The Best North Texas Country Albums of 2014
Matt Hillyer's debut solo-effort was worth the wait.
Just because we handed out some trophies last week doesn't mean we're done celebrating the best music that came out of our area this year. As a historical matter of fact, North Texas has long enjoyed a rich abundance of country music talent. In 2014, we've seen that many beloved vets of the Dallas and Fort Worth honky tonks have just as much creative power as some of the brightest younger talents do.
For those with hearing that extends beyond mainstream radio and the ability to step into a club that may not be inside the hipster-safe confines of Dallas proper, country music in all of its myriad forms are well-represented between Grand Prairie and Denton. Twangy songs inflected with blues, folk and rock have been a part of the country stew for generations, and north Texas in 2014 has certainly been no exception to that. Here's our Top Five North Texas Country Albums for 2014.
Ronnie Fauss - Built to Break
The tall, lanky family man has gone from a dude that offere up free EPs of primarily acoustic material to a full-blown songwriting powerhouse. His second release from the strong New West imprint, Normaltown Records, Built to Break, is packed with addictive storytelling and catchy folk-rock arrangements. Though there are plenty of songs that hook the listener through keen detail, such as "A Place Out in the Country," its two attention grabbing tracks that give this record it's signature. A low-key cover of Phosphorescents already lo-fi stunner "Song for Zula" is perfect for a writer that decides to tell someone else's tale and Fauss's duet with Rhet Miller of the Old 97s, "18 Wheels" is just a windows-down country rock anthem that Fauss delivers with infectiously energetic joy.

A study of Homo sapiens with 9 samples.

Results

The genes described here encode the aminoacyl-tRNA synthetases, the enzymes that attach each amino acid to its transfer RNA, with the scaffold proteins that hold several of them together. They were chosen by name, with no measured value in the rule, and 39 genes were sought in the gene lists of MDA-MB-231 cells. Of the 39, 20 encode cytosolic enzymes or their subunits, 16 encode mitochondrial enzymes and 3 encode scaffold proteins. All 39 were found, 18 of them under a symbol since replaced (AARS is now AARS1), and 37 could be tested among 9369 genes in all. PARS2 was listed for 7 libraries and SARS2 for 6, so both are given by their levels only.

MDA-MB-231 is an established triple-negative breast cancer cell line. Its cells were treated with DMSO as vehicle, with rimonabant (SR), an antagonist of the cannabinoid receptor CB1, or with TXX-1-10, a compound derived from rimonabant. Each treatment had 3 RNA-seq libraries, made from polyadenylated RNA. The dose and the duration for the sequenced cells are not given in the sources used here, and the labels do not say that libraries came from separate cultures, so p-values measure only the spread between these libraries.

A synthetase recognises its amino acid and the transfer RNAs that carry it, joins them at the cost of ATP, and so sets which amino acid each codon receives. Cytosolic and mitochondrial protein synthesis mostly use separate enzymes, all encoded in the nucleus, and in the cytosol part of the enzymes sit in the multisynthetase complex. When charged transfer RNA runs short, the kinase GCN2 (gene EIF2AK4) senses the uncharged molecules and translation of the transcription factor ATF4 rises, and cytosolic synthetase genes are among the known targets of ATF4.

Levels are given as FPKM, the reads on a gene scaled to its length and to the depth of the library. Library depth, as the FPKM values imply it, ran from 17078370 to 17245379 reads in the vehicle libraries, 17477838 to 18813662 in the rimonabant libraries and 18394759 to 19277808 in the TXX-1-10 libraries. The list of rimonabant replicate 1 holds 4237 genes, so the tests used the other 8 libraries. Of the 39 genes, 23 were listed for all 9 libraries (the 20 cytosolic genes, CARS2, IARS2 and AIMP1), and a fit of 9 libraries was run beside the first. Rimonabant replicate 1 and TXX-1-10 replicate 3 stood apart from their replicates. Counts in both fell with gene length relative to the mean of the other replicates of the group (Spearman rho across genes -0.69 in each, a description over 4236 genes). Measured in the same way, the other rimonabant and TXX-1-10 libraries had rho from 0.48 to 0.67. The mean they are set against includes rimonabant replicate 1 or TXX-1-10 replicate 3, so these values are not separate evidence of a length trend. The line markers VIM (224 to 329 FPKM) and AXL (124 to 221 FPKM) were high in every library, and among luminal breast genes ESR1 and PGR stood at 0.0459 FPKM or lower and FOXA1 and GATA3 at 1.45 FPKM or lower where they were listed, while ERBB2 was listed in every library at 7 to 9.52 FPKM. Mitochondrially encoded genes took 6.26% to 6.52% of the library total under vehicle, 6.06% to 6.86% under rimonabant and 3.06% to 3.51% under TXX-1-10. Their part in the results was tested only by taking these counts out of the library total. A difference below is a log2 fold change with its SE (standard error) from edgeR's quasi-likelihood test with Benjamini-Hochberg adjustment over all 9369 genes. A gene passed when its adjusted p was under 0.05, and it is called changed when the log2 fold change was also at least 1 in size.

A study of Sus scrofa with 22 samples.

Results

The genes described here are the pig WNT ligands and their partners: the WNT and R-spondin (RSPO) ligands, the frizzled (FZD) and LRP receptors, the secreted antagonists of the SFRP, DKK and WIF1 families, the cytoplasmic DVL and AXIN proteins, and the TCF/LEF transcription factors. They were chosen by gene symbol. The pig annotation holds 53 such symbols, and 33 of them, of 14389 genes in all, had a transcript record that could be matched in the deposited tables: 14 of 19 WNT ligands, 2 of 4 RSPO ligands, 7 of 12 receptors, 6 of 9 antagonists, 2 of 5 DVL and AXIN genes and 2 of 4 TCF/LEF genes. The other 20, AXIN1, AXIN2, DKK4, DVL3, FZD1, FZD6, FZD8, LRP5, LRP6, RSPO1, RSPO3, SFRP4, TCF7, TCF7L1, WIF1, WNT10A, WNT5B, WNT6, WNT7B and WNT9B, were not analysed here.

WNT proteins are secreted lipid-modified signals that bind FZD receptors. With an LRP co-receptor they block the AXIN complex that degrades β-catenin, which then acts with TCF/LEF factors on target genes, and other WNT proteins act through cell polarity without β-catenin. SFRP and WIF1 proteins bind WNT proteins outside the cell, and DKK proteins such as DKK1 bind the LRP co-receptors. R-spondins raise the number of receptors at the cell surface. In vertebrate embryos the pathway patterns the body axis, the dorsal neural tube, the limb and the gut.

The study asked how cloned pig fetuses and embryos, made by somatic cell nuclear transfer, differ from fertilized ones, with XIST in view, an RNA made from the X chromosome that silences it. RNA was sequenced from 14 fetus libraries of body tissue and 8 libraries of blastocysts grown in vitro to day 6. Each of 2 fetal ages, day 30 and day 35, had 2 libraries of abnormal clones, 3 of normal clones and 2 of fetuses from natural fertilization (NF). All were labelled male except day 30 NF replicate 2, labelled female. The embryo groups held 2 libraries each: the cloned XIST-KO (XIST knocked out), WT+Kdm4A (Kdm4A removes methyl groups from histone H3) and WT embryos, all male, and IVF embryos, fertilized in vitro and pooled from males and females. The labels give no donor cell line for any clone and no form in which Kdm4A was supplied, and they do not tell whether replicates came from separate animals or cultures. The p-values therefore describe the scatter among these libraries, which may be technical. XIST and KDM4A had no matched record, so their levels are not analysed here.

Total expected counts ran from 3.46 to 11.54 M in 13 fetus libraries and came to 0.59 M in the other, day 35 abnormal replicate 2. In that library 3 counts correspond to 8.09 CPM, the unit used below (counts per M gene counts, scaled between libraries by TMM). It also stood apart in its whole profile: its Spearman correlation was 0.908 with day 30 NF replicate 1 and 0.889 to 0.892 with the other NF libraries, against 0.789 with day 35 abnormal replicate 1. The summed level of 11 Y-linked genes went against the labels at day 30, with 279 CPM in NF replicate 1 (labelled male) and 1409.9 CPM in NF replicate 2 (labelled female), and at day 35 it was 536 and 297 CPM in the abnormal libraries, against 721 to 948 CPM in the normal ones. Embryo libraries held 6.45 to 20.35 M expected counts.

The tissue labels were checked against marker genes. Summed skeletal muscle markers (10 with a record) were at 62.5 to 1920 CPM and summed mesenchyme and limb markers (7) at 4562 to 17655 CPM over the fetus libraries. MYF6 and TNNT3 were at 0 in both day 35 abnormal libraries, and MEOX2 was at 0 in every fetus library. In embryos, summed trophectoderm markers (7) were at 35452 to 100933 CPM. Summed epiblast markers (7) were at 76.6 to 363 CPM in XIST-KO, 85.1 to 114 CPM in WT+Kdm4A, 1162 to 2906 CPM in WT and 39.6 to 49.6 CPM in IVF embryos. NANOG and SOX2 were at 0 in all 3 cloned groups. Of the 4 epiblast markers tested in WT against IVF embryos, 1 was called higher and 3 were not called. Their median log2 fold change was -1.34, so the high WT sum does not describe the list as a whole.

Justin Pickard - A High Price For the Low Life
The king of the Saturday afternoon brewery tour show, Pickard, along with producer and fellow area artist Andrew Delaney prove they know their way around vintage recording methods and sounds. Recorded live to two-track reel-to-reel tape in Garland, Pickard proffers earthy-feeling honky-tonk, punk, singer-songwriter ballads, soul and even a sea-faring tune authentically. Pickard's warm vocal works well in so many ways, giving him chameleon-like flexibility. Offered primarily on colored vinyl, Pickard really commits to the vintage aesthetic this album embodies. Regardless of styles or equipment, though, this album is a satisfyingly complete record that never feels predictable.
Crystal Yates - I Believe
This EP, produced by super-producer Charlie Peacock (Civil Wars), is a beautiful vehicle for Yates dark, entrancing vocals, and, lest we forget, the guitar chops of her husband, Will. Crystal and Will, Florida-natives residing in McKinney since 2009, won the prestigious, nationally-held Texaco Country Showcase in January, and now, a full-length album is in the works. It's almost torture for us to think of the possibility of an album twice this EP's size possibly being twice as good.
Madison King - Onward and Upward
It's been a good year for the energetic fireball known as Madison King. Not only has she released a stellar new album, she's traversed the country as an opening act on the Old 97's national tour. For Onward and Upward, King purposely set out to make a more focused set of tunes in order to display her growth as an artist since the release of her fiery debut LP from a couple of years ago. The album's opening and closing tracks represent bookends that amply demonstrate that artistic ascendance. In "You and Me," a dobro and her beautifully robust voice gallop over a song of simple but profound desire. In "Saved by a Son of a Gun," King proceeds to raise hell with a romping tune that forces even the heaviest, most leaden foot to tap with a giddy bounce.
Matt Hillyer - If These Old Bones Could Talk
Some were surprised it took so long for Hillyer, the inked-up leader of Eleven Hundred Springs (this area's best honky-tonk band) to release a solo record. There are also some that are a bit surprised that he chose to not simply go all-acoustic or simply repeat the proven dancehall formula of his main band. What no one is shocked by, however, is that this is a hell of a country record. Indeed, there's some Elevend Hundred flavor on here for a dash of familiarity ("Home is Where the Heartbreak Is"), but there's ample evidence to suggest this isn't simply Hillyer doing the same thing with different players. The title track is a folk song that's about more than the title suggests, while Hillyer gets straight-up sexy with the whispery, country slow-jam of "Dancing with the Moon." After all of these years as the face of a fantastic group, it's awesome to see an older, wiser Hillyer shine as an individual.